1. Kartini Gadroen1,
  2. Caitlin N Dodd1,
  3. Gwen M C Masclee1,
  4. Maria A J de Ridder1,
  5. Daniel Weibel1,
  6. Michael J Mina2,
  7. Bryan T Grenfell3,
  8. Miriam C J M Sturkenboom1,
  9. David A M C van de Vijver4,
  10. Rik L de Swart4
  1. 1 Department of Medical Informatics, Erasmus MC, Rotterdam, The Netherlands
  2. 2 Department of Pathology, Harvard Medical School, Boston, Massachusetts, USA
  3. 3 Department of Ecology and Evolutionary Biology, Princeton University, Guyot, New Jersey, USA
  4. 4 Department of Viroscience, Erasmus MC, Rotterdam, The Netherlands
  1. Correspondence to Dr Rik L de Swart; r.deswart{at}


Objective To test the hypothesis that measles infection increases the incidence of non-measles infectious diseases over a prolonged period of time.

Design A population-based matched cohort study.

Data sources This study examined children aged 1–15 years in The Health Improvement Network UK general practice medical records database. Participants included 2228 patients diagnosed with measles between 1990 and 2014, which were matched on age, sex, general practitioner practice and calendar year with 19 930 children without measles. All controls had received at least one measles vaccination. Children with a history of immune-compromising conditions or with immune-suppressive treatment were excluded.

Primary outcome measures Incidence rate ratio (IRR) of infections, anti-infective prescriptions and all-cause hospitalisations following measles in predetermined periods using multivariate analysis to adjust for confounding variables.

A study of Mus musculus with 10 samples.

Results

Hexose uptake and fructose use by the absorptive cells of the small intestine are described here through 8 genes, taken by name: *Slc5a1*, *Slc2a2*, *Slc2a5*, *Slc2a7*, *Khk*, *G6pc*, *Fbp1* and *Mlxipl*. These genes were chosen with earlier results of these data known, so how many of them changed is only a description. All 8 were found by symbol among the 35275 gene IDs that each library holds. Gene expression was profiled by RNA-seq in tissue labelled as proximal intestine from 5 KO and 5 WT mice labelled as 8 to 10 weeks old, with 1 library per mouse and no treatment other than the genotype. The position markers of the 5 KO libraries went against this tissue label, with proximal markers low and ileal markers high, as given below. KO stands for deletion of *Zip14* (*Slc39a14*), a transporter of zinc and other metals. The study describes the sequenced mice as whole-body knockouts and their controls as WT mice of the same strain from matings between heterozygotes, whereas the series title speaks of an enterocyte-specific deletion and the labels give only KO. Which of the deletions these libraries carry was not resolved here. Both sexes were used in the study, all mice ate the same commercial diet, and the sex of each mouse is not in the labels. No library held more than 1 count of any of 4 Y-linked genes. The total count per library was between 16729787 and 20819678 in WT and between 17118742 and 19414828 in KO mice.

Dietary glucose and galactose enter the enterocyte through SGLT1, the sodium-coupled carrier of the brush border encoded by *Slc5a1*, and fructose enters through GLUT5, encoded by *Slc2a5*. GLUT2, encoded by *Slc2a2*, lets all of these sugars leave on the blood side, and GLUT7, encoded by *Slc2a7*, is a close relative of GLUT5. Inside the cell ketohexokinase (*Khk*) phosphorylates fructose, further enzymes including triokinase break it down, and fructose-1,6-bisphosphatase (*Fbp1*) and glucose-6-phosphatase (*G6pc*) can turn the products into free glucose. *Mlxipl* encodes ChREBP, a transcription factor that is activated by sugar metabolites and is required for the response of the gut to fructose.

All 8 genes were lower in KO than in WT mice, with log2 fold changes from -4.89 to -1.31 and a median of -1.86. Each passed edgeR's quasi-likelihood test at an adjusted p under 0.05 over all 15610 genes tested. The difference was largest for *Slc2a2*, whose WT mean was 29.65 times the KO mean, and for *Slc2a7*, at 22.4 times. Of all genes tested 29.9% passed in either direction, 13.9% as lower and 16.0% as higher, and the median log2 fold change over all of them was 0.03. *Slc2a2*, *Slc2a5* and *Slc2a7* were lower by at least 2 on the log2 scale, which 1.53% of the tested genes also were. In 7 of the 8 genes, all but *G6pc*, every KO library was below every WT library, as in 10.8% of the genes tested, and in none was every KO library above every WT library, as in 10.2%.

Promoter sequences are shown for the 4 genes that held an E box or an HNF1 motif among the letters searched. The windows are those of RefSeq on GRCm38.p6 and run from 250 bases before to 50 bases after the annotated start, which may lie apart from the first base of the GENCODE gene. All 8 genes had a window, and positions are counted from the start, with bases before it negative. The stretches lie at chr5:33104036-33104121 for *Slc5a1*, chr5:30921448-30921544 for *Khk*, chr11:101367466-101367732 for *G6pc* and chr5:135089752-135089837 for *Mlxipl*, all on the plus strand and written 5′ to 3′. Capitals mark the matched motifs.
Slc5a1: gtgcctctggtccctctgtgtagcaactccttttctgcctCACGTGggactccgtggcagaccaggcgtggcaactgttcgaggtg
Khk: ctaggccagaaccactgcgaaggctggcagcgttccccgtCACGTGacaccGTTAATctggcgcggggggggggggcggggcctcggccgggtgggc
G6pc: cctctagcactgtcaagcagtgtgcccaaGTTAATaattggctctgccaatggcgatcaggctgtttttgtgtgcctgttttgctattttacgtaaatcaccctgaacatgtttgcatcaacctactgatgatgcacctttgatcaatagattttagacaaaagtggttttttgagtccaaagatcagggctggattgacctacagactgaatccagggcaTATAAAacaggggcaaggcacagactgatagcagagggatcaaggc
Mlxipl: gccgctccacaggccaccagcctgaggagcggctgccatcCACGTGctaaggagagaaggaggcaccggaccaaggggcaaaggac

Results In children with measles, the incidence rate for non-measles infectious disease was significantly increased in each time period assessed up to 5 years postmeasles: 43% in the first month (IRR: 1.43; 95% CI 1.22 to 1.68), 22% from month one to the first year (IRR: 1.22; 95% CI 1.14 to 1.31), 10% from year 1 to 2.5 years (IRR: 1.10; 95% CI 1.02 to 1.19) and 15% (IRR: 1.15; 95% CI 1.06 to 1.25) in years 2.5 to 5 years of follow-up. Children with measles were more than three times as likely to receive an anti-infective prescription in the first month and 15%–24% more likely between the first month and 5 years. The rate of hospitalisation in children with measles was increased only in the month following diagnosis but not thereafter (IRR: 2.83; 95% CI 1.72 to 4.67).

Conclusion Following measles, children had increased rates of diagnosed infections, requiring increased prescribing of antimicrobial therapies. This population-based matched cohort study supports the hypothesis that measles has a prolonged impact on host resistance to non-measles infectious diseases.

  • measles
  • immune suppression


  • KG and CND contributed equally.

  • Contributors Conceived and designed the study: MJM, BG, DAMCvdV and RLDS. Code selection: KG, GMCM, DAMCvdV and RLDS. Data extraction and statistical analysis: CND, GMCM and MdR. Interpretation of data: all authors. Authored draft paper: KG and CND. Critical revisions of manuscript: KG, CND, GMCM, MdR, DAMCvdV, RLDS, MJM and BG. Study supervision: DAMCvdV, RLDS and MCJMS. Obtained funding: none.

  • Funding The authors have not declared a specific grant for this research from any funding agency in the public, commercial or not-for-profit sectors.

  • Competing interests None declared.

  • Patient consent Not required.

  • Ethics approval The study was approved by the independent THIN Scientific Review Committee (SRC reference number: 15–006).

  • Provenance and peer review Not commissioned; externally peer reviewed.

  • Data sharing statement No additional unpublished data from the study are available. All data are contained in the manuscript and the supplementary data files.